The 2020 Social Revolutionaries (from left to right) : Daisy Montalvo, Jason Denison, Robyn Hardge-scott, Christina Martinez and Aaliyah Felipe.

As part of FUNPARK Live Online, we saw a return of the Social Revolutionaries with a live-stream of the 2020 Mt. Druitt Press Conference, a curated conversation between five young cultural leaders from Bidwill, shared live on June 4th and June 18th.

The original Mt. Druitt Press Conference in 2014 allowed seven young people from Bidwill to speak the truth about their lives, frustrations and aspirations.  Similarly, the 2020 Social Revolutionaries spoke about the issues they and their peers face, offered some of their stories, and gave their ideas on what solutions their community needs.

Some of the points that were made concerned the stigma that continues about Bidwill and Mt. Druitt, and how it affects young people; a greater need for understanding, empathy and communication with the young people of Bidwill, and what support they need; the importance of role models; and the limitations of programs and funding when people and organisations don’t talk to each other, or to the communities they’re trying to help. 

We’ve collected some of our favourite quotes from both conversations, but we highly recommend you watch them yourselves! You can watch both conversations online on FUNPARK’s Facebook page here:  June 4th and June 18th.

On some of the challenges facing young people:

“When you’ve got such a  big class of kids, it’s really hard for a teacher to identify a kid who isn’t paying attention not because they don’t want to, but because they’re having struggles or they need that extra support. [Kids] don’t wanna ask for help, so what do they do? They kinda just decide, screw it, lemme just have fun with the rest of the kids back here.” Daisy

“It is a low socio-economic area, so there are kids there that need to focus that have two or more jobs by the already by the age of fourteen because they’re trying to support their family. They can’t focus on school, because they just don’t have the time, they don’t have the resources, they don’t have the support,” Robyn.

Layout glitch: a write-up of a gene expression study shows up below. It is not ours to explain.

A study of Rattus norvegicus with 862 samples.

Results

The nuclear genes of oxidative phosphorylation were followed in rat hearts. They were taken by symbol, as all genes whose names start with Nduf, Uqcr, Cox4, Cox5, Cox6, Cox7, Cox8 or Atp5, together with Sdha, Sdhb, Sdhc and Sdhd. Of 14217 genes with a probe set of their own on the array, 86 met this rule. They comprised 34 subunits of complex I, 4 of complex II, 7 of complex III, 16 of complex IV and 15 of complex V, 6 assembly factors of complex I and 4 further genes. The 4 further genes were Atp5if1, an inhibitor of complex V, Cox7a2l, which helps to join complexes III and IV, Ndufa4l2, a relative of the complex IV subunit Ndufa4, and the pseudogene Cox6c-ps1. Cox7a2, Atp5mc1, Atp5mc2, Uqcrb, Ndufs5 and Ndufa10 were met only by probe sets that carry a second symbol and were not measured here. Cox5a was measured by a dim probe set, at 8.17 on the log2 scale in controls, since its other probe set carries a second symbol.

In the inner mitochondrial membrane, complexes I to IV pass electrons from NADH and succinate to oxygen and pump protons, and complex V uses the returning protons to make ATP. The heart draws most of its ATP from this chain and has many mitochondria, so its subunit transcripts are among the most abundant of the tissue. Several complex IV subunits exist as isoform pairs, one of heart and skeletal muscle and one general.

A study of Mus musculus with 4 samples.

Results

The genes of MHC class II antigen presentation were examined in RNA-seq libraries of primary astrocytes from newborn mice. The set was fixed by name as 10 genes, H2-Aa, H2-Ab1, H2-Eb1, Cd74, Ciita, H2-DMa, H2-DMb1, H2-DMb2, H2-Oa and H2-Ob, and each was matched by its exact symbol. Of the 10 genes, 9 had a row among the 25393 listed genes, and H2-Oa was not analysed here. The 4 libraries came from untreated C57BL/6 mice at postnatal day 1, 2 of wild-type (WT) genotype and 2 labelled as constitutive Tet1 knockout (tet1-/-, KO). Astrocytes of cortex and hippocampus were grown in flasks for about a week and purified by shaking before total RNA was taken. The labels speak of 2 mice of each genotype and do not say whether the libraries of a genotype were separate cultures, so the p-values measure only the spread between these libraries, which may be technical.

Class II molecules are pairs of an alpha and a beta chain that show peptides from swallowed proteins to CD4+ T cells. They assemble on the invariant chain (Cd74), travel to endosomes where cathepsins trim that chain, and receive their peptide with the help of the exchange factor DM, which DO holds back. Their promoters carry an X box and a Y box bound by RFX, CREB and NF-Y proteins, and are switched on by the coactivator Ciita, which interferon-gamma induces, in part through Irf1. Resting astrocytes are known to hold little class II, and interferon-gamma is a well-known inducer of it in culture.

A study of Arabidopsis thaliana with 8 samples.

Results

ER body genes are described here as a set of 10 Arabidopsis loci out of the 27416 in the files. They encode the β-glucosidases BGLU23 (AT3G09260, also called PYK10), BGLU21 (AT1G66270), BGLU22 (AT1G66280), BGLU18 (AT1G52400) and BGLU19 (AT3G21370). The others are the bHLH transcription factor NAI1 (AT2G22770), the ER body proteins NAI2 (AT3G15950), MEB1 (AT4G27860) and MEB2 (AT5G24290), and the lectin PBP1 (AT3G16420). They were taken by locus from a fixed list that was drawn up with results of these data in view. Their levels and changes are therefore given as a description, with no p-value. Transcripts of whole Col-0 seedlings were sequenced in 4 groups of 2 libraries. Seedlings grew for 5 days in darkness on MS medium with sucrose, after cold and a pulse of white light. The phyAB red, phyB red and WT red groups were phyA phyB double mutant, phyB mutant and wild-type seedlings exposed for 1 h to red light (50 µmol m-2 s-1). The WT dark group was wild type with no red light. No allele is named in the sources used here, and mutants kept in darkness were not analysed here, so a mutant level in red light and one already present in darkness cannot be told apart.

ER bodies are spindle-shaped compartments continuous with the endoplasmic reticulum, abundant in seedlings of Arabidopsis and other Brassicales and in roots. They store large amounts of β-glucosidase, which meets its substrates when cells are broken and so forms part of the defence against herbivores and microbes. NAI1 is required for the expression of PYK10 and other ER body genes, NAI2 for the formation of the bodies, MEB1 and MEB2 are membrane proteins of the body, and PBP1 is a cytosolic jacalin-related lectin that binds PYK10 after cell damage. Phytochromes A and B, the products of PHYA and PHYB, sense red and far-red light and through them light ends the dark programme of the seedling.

On the stigma and its effects:

“I felt so out of place when I went to a uni in the city.  I just felt like everyone went to the best schools, and I felt like I wouldn’t succeed as far as they would because I was from the west, I was from Mt. Druitt. And it’s so sad because even though I did graduate, I did hold myself back from what I could achieve because I held this stigma that I’m not gonna get as far as everyone else because I’m from Mt. Druitt,” Christina.

On the importance of role-models:

”He saw my potential before I even saw my potential… It’s not by my skill, not by my talent, but because of people who positively saw me, that’s the key thing, saw me,  for not who I was, but who I could be. ” Jason, speaking on David Echo and other role models in his life.

“If [young people] see someone, living it out, in their life, in their area, then it’s so much easier for them to model their life from that… it’s easy to believe it when you see it in front of you. I feel like what’s stopping them is the belief they can even achieve these goals, that they can do the impossible, that they can fight the stigma, fight the stereotype,” Christina.

On their perceptions of Bidwill:

“What I really love about Bidwill is that you do get to know your neighbours. … I think there’s a really beautiful sense of community in Bidwill that people don’t know about, ” Daisy.

“My story is I went from being served into then serving. And from there I got to meet the beautiful faces of my community. And now I’m like, these are the people from Bidwill.” Jason.

Let’s remember that these conversations are just between five specific young people from Bidwill. These conversations are just the beginning –  listening to each other is a life-long necessity!

A big thanks to the Social Revolutionaries (Daisy Montalvo, Jason Denison, Robyn Hardge-scott, Christina Martinez and Aaliyah Felipe), the Curious Creators who made the live-stream happen (Sivani Yaddanapudi, Adam McPhilbin, Shawn Spina and Huy Nguyen), and of course, all the members of the FUNPARK Coalition and the Biennale of Sydney.

It’s been a challenge translating FUNPARK to a digital context, and it wouldn’t have been possible without the hard work of everyone involved at CuriousWorks, PYT Fairfield, Learning Ground, Bidwill Uniting and Blacktown Arts Centre.